Explaining to today’s generation the hair fad called the Jheri Curl can be a bit difficult, especially when they have read the Wikipedia article about it. The entry goes on and on about the chemical process of getting a Jheri Curl hair style and that can be a little strange to today’s youth hair styles (which are just simpler).
But if you lived during the 80s and the fads of that decade come up in a conversation, explaining the Jheri Curl is simple enough. Just say that was the name of Michael Jackson’s hairstyle circa the Thriller days, and they’ll understand why it became so popular. Even today, Michael Jackson’s impact on US culture is quite well-known.
Michael Jackson Made The Jheri Curl Huge In The 1980s
The Birth of the Jheri Curl
If you want to appear even more knowledgeable about the Jheri Curl hairstyle, then you need to know about Jheri Redding. This guy was known as the Godfather of Hair, and he was forever famous because he invented the Jheri Curl. Ironically, this hairstyle overshadowed his other contributions to hair care in the media. Almost nobody knows that it was Jheri Redding who invented the modern hair conditioner. It was he who first created “pH-balanced” shampoos, and who first put vitamins and minerals in hair care products.
Jheri Redding, Godfather Of “The Jheri Curl”
The other important figure in the Jheri Curl history is Comer Cottrell. At the time, getting a Jheri Curl meant going to a salon and paying $300. So you could say it was only for the rich.
Cottrell made the Jheri Curl more accessible to the masses, and helped make it become a hairstyle fad among African Americans all over the country. He introduced the Curly Kit, and it sold for just $8. Suddenly people were able to do it at home, and so it became a very mainstream look.
The “Curly Kit” Brought Jheri Curls To The People!
Of course, once it became so ubiquitous that just about every black guy was wearing it, it didn’t take long for others to lampoon it. The most popular example was the Eric LaSalle character in the Eddie Murphy comedy Coming to America, which featured a similar product that gave users a shiny hairstyle and left a stain on furniture.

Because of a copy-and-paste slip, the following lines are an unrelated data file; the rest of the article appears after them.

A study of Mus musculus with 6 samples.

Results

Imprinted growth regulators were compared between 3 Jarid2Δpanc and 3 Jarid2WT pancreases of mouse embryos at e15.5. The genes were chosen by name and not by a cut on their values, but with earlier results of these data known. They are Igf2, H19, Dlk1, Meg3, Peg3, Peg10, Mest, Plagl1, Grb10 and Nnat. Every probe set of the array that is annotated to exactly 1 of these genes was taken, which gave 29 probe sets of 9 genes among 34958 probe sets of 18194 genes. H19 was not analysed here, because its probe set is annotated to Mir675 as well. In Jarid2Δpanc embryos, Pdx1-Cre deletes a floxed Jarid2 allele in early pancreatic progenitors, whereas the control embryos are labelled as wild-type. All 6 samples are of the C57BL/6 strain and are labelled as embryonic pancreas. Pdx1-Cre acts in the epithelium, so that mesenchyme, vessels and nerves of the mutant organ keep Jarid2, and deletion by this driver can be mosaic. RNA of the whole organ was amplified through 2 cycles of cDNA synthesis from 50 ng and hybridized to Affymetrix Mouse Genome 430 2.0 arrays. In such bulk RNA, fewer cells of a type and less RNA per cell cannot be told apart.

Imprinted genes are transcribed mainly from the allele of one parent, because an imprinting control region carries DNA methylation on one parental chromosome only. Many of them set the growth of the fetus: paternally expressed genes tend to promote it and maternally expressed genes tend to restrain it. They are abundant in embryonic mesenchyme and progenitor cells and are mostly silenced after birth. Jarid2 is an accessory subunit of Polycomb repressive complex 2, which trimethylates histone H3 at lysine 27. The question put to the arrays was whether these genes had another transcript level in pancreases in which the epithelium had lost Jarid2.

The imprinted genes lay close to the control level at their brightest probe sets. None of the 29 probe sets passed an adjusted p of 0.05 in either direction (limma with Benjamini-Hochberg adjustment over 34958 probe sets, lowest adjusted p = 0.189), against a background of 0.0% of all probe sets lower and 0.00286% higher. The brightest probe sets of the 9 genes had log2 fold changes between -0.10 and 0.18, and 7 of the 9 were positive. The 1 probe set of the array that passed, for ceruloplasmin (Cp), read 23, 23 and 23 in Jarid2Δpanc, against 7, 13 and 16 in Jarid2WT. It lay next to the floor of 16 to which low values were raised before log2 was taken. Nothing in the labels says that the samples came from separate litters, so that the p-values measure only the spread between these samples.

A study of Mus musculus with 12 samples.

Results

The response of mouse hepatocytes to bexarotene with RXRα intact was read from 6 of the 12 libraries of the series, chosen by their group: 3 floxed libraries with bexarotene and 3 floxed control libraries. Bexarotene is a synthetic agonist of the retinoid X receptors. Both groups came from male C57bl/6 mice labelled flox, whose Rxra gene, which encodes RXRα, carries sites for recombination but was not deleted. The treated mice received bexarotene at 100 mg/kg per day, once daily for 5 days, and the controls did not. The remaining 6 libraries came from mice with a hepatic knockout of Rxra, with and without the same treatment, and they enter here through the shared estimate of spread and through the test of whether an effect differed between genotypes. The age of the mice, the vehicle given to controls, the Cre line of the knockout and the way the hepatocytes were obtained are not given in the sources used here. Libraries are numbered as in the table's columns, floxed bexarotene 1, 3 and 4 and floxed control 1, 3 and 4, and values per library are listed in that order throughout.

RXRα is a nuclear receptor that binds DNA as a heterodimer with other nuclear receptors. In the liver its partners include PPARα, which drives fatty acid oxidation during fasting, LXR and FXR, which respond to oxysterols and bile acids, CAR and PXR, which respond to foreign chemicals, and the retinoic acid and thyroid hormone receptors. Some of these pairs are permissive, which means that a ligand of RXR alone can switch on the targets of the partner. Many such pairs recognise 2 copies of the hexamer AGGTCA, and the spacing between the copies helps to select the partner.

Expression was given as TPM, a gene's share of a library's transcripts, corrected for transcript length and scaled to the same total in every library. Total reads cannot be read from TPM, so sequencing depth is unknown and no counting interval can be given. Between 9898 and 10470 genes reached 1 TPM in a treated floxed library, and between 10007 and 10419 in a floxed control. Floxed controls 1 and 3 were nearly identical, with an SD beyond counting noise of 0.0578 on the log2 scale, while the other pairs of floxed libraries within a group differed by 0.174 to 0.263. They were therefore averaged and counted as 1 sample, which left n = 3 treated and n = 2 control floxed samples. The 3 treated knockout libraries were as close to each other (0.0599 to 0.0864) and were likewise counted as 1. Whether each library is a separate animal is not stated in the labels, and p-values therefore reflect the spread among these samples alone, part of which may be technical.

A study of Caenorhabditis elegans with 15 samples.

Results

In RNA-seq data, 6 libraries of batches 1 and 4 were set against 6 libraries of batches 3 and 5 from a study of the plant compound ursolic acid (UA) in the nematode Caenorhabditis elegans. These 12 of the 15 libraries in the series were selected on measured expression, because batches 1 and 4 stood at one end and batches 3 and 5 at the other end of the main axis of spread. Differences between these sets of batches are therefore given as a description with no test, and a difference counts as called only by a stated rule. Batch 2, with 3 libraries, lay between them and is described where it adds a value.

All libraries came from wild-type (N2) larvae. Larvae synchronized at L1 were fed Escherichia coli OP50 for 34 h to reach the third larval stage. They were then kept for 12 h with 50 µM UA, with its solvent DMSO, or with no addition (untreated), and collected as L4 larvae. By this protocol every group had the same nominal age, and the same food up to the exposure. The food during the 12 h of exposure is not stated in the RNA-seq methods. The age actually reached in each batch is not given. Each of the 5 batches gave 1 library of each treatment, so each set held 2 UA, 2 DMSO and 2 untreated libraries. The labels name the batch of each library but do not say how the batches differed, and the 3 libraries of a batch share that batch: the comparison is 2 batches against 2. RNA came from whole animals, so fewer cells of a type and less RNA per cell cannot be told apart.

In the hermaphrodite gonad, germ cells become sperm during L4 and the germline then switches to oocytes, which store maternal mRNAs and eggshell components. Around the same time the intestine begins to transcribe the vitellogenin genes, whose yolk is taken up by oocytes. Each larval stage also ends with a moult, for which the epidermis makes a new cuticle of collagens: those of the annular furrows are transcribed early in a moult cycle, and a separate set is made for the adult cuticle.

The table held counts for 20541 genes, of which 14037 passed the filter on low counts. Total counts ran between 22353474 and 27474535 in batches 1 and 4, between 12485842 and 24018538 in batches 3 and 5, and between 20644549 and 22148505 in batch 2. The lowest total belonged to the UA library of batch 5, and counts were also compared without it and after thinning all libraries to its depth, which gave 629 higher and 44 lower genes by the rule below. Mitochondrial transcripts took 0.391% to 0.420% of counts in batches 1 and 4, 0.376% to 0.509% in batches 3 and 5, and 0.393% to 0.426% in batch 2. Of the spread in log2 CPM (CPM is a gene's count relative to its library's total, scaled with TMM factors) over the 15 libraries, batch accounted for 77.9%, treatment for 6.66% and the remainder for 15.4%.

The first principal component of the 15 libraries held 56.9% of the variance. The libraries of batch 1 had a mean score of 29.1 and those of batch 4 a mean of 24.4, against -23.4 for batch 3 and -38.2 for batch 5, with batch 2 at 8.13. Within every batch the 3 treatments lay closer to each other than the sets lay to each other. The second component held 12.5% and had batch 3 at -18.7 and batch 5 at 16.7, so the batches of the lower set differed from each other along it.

Eric LaSalle Rockin The Jheri Curl in “Coming To America” 1988
Famous Examples of Jheri Curls
It wasn’t just Michael Jackson (and Lionel Richie) who was sporting a Jheri Curl at the time. Even after the 1980s were over, the Jheri Curl seemed to remain in style for several more years often appearing in popular movies and sported by prominent African-American celebrities. There are variations, so you may as well look at some of the more famous examples:
Ice Cube, the rapper who sported the hairstyle in “Boyz n the Hood”. This became an iconic look that commanded respect: the angry brows under shiny curls.
Ice Cube’s Jheri Curl In “Boyz N The Hood” 1991
Samuel L. Jackson in “Pulp Fiction”. He played a murderous gangster quoting imaginary verses from the Bible. Who’s going to tell him that the hairstyle was no longer cool in 1994 when the film came out?
Samuel L. Jackson Rockin The Jheri Curl In “Pulp Fiction” 1994
A. C. Green. He was an important part of the Laker dynasty back in the 1980s, and the Celtics sure hated him.
Basketball Player A. C. Green
Deion Sanders. The guy was all glitz and glamor as he split his time between baseball and football. But he maintained his Jheri Curls for quite a while, and it helped him swagger in the field and in interviews.
Deion Sanders And His Jheri Curl
Unfortunately these days finding a good Jheri Curl isn’t that easy. As time went on, modern hairstyles moved away from their oily counterparts to more low maintenance clean cut styles. It does in fact appear that this is one of the styles that died off and is now archived in 1980s fashion history.